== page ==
Rehabbing Neglected Horses: No Small Task

Rehabbing Neglected Horses: No Small Task

It can take a year or more to return a severely malnourished horse to an appropriate body weight.

Photo: iStock

A group of horses allegedly locked in a barn for more than a year are now receiving rehabilitative care. But it won’t be an easy road for these horses or their caretakers. Restoring a neglected horse’s health is rewarding, but also complicated and time consuming.

James H. Pushee, police chief in Deering, New Hampshire, recalled in a written statement that, in May, law enforcement personnel responded to a complaint about several horses that hadn’t been seen outside of their barn for a year and a half. When the horses' owners failed to voluntarily cooperate, Deering police and other authorities launched an animal welfare investigation. Acting on a warrant, investigators entered a barn on the property and found four Arabians, allegedly in extremely poor health and living in unsafe conditions, the statement said. Officials seized and relocated the horses to Live and Let Live Farm, in Chichester, New Hampshire, and the owners subsequently surrendered the animals, the statement said.

Anthony Costine and Spring Romer were later arrested and each charged with four counts of misdemeanor animal cruelty. They were released on their own recognizance and were unavailable for comment.

Rescuer Teresa Paradis said two of the horses had body condition scores of between 1 and 1.5 on a 9-point scale; the other two scored a 2 on that scale. One had a long-neglected hernia and all had skin irritations, along with thrush and other hoof problems, she said. Although they’ve been rescued, the horses aren’t out of the woods yet.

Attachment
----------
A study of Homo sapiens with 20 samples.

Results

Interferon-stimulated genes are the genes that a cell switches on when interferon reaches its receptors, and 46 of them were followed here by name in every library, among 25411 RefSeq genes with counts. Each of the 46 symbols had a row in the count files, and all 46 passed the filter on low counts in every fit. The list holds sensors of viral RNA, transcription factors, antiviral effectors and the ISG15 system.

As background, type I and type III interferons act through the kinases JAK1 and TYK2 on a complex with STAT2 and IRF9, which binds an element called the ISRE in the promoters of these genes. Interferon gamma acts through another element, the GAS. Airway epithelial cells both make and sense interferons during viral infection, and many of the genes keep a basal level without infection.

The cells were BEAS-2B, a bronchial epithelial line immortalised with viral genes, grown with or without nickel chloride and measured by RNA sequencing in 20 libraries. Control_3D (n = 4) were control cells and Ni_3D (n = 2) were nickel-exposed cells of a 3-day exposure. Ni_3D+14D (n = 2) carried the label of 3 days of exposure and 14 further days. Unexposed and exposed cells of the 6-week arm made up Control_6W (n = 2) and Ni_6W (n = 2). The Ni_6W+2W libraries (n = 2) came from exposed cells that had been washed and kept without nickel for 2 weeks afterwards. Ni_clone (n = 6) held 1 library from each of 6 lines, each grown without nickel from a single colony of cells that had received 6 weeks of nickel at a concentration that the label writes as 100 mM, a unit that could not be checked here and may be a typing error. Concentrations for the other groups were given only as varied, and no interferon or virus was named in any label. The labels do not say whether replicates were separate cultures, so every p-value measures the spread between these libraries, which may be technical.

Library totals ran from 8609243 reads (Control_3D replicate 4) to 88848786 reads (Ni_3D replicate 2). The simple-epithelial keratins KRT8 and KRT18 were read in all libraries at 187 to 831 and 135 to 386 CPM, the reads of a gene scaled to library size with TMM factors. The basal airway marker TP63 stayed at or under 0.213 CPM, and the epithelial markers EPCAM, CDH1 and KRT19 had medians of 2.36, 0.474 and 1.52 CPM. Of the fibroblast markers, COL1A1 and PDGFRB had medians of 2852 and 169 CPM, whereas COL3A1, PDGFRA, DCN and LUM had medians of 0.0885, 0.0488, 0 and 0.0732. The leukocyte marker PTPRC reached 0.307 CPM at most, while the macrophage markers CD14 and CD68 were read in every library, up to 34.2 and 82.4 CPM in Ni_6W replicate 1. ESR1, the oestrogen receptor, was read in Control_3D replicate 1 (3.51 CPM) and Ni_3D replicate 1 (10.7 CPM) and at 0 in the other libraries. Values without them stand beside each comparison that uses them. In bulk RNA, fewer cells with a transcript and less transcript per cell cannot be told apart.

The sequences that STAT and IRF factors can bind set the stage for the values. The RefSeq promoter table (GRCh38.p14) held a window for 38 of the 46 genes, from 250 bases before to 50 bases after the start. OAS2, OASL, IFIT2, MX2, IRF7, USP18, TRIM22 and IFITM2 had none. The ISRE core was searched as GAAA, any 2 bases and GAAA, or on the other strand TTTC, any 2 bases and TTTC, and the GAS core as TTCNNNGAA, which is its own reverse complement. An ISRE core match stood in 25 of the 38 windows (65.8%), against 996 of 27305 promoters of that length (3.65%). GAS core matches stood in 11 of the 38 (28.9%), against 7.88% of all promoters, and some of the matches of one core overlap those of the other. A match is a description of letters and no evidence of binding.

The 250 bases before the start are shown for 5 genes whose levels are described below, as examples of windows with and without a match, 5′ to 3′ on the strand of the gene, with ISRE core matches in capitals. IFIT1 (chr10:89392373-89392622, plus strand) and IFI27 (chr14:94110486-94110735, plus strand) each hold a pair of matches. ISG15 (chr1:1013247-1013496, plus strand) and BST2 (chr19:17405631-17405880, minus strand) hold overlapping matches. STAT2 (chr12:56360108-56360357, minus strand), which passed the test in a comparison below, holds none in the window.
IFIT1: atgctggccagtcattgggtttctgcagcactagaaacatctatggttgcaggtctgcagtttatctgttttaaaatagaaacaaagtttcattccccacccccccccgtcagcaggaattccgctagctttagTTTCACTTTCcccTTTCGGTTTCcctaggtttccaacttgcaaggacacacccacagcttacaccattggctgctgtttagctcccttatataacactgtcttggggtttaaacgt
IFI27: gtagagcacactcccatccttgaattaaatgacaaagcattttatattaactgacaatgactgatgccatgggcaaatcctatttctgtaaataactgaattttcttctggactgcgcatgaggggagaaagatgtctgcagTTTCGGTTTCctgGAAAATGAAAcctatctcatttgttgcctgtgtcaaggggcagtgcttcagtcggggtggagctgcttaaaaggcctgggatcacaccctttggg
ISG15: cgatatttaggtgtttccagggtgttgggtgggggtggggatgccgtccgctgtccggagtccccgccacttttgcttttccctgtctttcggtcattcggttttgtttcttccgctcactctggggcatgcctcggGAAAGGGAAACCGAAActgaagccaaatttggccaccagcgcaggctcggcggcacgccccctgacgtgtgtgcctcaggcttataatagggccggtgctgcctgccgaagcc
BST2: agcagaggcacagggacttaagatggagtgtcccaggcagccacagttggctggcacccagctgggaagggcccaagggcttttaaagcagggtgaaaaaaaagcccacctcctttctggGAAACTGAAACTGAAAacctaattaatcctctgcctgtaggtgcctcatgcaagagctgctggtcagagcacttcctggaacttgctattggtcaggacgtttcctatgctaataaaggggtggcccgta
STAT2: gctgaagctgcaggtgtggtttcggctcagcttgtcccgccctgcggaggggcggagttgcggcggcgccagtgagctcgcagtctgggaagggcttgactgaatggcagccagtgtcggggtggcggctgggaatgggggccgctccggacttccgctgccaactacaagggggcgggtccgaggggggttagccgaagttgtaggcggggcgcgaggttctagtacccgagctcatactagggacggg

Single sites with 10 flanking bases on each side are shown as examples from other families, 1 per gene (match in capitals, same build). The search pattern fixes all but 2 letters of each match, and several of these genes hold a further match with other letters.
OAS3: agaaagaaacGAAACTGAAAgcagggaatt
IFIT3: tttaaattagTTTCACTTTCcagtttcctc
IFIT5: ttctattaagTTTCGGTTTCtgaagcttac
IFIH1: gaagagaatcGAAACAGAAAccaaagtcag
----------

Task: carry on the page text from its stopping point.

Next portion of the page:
“We worry a lot one horse that has weakness from muscle atrophy and is struggling to eat, and we worry about (two others) whose organs may have been affected by long term starvation,” Paradis said. “It will be slow going with what I believe is a 50/50 chance of pulling through.”

Karen McCormick, DVM, Dipl. ACVIM, of the University of Tennessee College of Veterinary Medicine, said rehabilitating long-neglected horses means more than providing plenty of feed and veterinary care.

“These horses may need extra vitamin supplementation, physical rehab to build muscle again, and medical care depending on other problems that may have developed, (such as) pressure sores, hoof problems, dental issues, and parasites,” she said. “Most of these problems can be overcome if given enough time, (but) is possible that some issues may be long-term problems, especially if their hooves have not been trimmed regularly and the horse has developed orthopedic issues.”

At the same time, severely malnourished horses are at risk for refeeding syndrome, a condition which stems from an abrupt increase in calorie intake resulting in sometimes fatal electrolyte derangements.

“It is very important to feed these horses low-starch feed when attempting to rehabilitate them, so we usually recommend starting with alfalfa hay in limited quantities initially, progressing to free-choice alfalfa,” she said. “Once they are eating the alfalfa well, concentrate feeds can slowly be added into the diet., (and) any changes are made over several days or weeks.”

While most conditions stemming from long neglect can be overcome with time, how long it takes to restore a severely maltreated horse to health varies, said McCormick, and some still aren’t able to pull through.

“The time to take one horse from a (body condition score) of 1 to an appropriate body (condition) … could take a year or more,” she said.

While the New Hampshire horses' rehabilitation continues, Costine and Romer are slated to appear in Hillsboro District court on the charges on July 27.

About the Author

Pat Raia

Pat Raia is a veteran journalist who enjoys covering equine welfare, industry, and news. In her spare time, she enjoys riding her Tennessee Walking Horse, Sonny.